Secretary of State Hillary Clinton has deleted the People’s Mujahedin of Iran (Mujaheddin-e-Khalq - MEK) from the list of terrorist organizations after they evacuated Camp Ashraf (100 km north of Baghdad) and agreed to relocate at at Camp Liberty (near Baghdad airport).

Originally an Iranian Marxist political party, the People’s Mujahedin gradually became a political sect devoted to the worship of it’s leaders Massoud and Maryam Rajavi.

After fighting the Shah Reza Pahlevi and taking part in the beginnings of the Khomeini Revolution, they defected to Iraq and fought alongside Saddam Hussein against the Islamic regime.

For years, the People’s Mujahedin have been behind hundreds of terrorist actions in Iran, against both leaders and indiscriminately against civilians. They were also used by Saddam Hussein to do the menial tasks that his personal guard refused to do.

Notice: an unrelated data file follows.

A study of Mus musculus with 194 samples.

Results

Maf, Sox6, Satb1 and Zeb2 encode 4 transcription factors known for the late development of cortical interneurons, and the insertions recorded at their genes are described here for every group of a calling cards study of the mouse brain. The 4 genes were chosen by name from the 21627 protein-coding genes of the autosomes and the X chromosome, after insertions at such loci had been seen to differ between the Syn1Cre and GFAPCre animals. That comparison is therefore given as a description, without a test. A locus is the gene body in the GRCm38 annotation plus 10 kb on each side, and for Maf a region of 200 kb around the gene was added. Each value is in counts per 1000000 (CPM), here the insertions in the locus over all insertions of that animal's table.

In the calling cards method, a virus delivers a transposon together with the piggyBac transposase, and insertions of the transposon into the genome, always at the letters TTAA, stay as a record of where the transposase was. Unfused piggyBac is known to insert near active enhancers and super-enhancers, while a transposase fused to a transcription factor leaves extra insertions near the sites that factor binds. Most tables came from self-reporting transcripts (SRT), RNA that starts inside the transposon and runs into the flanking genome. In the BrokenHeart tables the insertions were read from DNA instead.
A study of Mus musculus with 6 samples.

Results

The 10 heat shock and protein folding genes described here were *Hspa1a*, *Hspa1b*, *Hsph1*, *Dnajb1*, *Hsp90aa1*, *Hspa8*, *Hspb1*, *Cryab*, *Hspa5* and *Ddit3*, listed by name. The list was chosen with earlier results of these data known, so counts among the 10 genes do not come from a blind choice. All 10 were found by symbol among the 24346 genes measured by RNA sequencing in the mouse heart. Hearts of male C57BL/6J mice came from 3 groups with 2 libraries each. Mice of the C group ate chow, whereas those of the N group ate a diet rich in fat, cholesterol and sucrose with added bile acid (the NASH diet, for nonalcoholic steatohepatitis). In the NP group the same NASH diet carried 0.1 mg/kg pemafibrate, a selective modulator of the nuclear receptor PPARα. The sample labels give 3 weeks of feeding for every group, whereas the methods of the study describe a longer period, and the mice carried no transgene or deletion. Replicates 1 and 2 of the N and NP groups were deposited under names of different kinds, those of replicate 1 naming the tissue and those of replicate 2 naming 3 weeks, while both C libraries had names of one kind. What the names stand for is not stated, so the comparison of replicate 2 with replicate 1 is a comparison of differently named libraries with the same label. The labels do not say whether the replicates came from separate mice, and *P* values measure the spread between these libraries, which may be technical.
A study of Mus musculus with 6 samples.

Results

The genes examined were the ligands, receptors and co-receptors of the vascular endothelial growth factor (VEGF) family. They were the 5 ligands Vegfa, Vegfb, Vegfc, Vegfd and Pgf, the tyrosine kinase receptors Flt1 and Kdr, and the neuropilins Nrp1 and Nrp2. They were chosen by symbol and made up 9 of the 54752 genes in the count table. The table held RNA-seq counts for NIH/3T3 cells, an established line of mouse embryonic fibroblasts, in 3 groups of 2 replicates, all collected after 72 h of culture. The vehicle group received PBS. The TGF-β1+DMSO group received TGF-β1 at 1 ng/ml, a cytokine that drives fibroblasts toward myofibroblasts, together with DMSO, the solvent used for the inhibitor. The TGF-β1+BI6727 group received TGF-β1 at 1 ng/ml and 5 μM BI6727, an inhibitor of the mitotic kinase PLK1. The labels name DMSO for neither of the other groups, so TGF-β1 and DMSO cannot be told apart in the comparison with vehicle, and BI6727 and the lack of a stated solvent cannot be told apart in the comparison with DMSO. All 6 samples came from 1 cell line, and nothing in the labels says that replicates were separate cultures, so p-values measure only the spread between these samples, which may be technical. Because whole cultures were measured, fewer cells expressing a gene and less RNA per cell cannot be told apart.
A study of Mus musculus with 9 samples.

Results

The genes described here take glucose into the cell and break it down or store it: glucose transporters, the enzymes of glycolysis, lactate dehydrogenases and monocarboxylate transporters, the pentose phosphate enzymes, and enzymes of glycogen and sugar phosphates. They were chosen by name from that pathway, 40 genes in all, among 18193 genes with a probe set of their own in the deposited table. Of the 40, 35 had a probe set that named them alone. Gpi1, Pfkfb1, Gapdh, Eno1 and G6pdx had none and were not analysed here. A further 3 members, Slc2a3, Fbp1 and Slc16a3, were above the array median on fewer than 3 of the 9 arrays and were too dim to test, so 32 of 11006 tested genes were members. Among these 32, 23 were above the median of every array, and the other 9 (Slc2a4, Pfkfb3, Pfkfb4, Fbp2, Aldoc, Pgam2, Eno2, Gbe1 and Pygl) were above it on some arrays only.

The decision of the State Department can be explained in three ways:
-   The sect has lost its clout and Washington is seeking an amicable solution.
-   The Mujahedin have always served the interests of the neoconservative faction in the Pentagon, even if their alleged support in overthrowing Saddam Hussein never existed.
-   The sect has embarked on a public relations campaign to refurbish its image.

On January 6, 2012, the People’s Mujahedin had organized a conference in Paris (photo) attended by several U.S. personalities (Tom Ridge, John Bolton, Howard Dean etc.). The participants were transported all expenses paid and remunerated for their attendance (for example, 150 000 USD in the case of Edward G. Rendell, a former Democratic governor from Pennsylvania).

French officials also attended (Philippe Douste-Blazy, André Vivien etc.), but the amount of their remuneration was not disclosed.

In the United States, the People’s Mujahedin enlisted many lobbyists including leading journalists like Carl Bernstein (of Watergate fame) and Clarence Page (Chicago Tribune columnist).

Star Lobbyists Help Iran Group Escape Shadow, by Scott Shane, The New York Times, 22 September 2012.